We don't ordinarily get into these kinds of issues on Sixth Column, but lying Democrats and other liberals need binding, gagging, tarring, feathering, and ridden out of the country on rails about Social Security reform. Our fundamental position is and has been that social security is morally wrong, thus practically wrong. The full, proper reform is to make it entire voluntary, entirely private, and totally insulated from government intervention and theft.
Would that "work"? Well, the moral is always practical.
In 1981, municipal workers in Galveston, Texas, opted out of standard social security in favor of private retirement accounts. The whole process has been clearly documented in the article cited above and should be read for all details.
While the employee-employer funding formulas are nearly identical under both Social Security and the Galveston Alternate Plan, the results are very different.
The U.S. Treasury Bonds purchased with money from the Social Security "trust fund" pay approximately two percent. But for the period from 1982 through 1997 the rate of return on funds invested in the Galveston plan has averaged 8.6 percent, a return more than 400 percent greater than Social Security.
Data from First Financial Benefits, which administers the Galveston Alternate Plan, shows that county workers earning slightly more than $17,000 a year can retire at age 65 with a monthly payment of $1,285 compared with $782 a month under Social Security.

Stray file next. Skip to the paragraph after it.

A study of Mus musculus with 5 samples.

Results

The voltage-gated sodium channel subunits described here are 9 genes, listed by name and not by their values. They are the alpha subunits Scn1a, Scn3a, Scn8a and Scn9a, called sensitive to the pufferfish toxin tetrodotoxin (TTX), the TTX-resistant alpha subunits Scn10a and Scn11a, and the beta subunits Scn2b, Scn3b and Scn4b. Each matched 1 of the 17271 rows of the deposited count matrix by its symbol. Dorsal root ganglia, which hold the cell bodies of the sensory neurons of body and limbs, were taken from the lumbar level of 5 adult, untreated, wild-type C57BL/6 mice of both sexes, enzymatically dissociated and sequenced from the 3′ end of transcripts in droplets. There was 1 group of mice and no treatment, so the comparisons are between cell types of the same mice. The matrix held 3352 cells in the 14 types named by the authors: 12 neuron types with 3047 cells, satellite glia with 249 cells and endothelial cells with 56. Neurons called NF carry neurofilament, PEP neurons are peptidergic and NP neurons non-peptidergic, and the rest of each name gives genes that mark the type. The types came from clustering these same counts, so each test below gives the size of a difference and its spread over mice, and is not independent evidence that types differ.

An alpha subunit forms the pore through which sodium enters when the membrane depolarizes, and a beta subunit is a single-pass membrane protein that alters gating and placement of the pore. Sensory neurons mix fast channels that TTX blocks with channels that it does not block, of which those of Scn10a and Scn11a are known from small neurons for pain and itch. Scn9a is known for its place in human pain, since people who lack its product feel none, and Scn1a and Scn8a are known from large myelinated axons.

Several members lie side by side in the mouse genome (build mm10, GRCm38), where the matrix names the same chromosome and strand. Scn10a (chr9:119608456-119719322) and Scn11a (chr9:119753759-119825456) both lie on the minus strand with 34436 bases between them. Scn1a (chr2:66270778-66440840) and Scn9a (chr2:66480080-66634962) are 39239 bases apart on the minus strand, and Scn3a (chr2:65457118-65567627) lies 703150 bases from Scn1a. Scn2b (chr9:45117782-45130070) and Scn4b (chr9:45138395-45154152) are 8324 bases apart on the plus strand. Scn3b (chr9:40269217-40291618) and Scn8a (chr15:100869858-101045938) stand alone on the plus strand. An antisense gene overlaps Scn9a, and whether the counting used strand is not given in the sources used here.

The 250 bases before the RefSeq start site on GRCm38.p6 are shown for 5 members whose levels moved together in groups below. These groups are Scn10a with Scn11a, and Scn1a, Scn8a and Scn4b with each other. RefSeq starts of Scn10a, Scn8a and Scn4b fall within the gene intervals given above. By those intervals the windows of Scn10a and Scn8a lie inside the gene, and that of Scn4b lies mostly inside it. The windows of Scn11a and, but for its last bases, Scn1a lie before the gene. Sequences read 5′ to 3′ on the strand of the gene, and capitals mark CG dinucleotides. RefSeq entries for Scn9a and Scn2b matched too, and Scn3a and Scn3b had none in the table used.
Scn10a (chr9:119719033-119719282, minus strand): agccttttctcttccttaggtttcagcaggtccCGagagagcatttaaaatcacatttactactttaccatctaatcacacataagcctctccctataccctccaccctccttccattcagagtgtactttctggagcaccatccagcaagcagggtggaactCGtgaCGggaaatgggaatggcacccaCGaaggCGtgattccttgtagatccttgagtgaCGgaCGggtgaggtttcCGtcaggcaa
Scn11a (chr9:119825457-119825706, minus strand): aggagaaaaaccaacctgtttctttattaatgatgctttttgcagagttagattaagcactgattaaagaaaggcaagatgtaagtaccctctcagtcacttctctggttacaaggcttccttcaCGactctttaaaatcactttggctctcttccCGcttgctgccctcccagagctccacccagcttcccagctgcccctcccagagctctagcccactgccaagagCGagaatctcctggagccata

Due to having more money withheld and the effects of compounding interest, higher income employees in Galveston see even larger benefits under the Alternate Plan. Workers earning $51,263 a year could retire at 65 with a monthly benefit of $3,846, while the same worker participating in Social Security would receive $1,540 each month.
Even the relatively low "guaranteed rate of return" in the Galveston plan roughly doubles the rate of return for Social Security. Funds already invested in annuities have a guaranteed yield of 3.75 percent, according to Bazaman. As for money being placed into private accounts today, Bazaman said the rate is slightly higher at 4.24 percent.
"They have never lost money. They have gone through double recessions in the 1980s, recessions in the 90s, and a tech boom and bust in the 1990s and into 2000," said Charles Jarvis, chairman and CEO of USA Next-United Seniors. "They've gone through another recession, an attack on this country and wars in Afghanistan and Iraq, yet they have steadily provided income for people."
The Galveston County, Texas Alternate Plan enacted in 1981 with the approval of 78 percent of local employees proved popular locally. By 1983, local government workers in three nearby municipalities -- Brazoria and Matagorda Counties, and Texas City -- also voted to quit Social Security in favor of private retirement plans.
Peru has a similar nation-wide program, one meeting with the same expected success.
Well, nothing upsets the Left more than individual freedom in any form. So, what happened when the success of the Galveston program became overwhelmingly obvious?
Amid growing enthusiasm for an alternative to Social Security, the Democrat-controlled Congress voted in 1983 to end the provisions giving municipal workers the option to leave the federal system.
What President Bush proposes is a paltry change. The really moral thing to do is to privatize social security totally. You have the practical results. Now just expand these results to all citizens. That's what any real "humanitarian" would do. What is motivating the Democrats?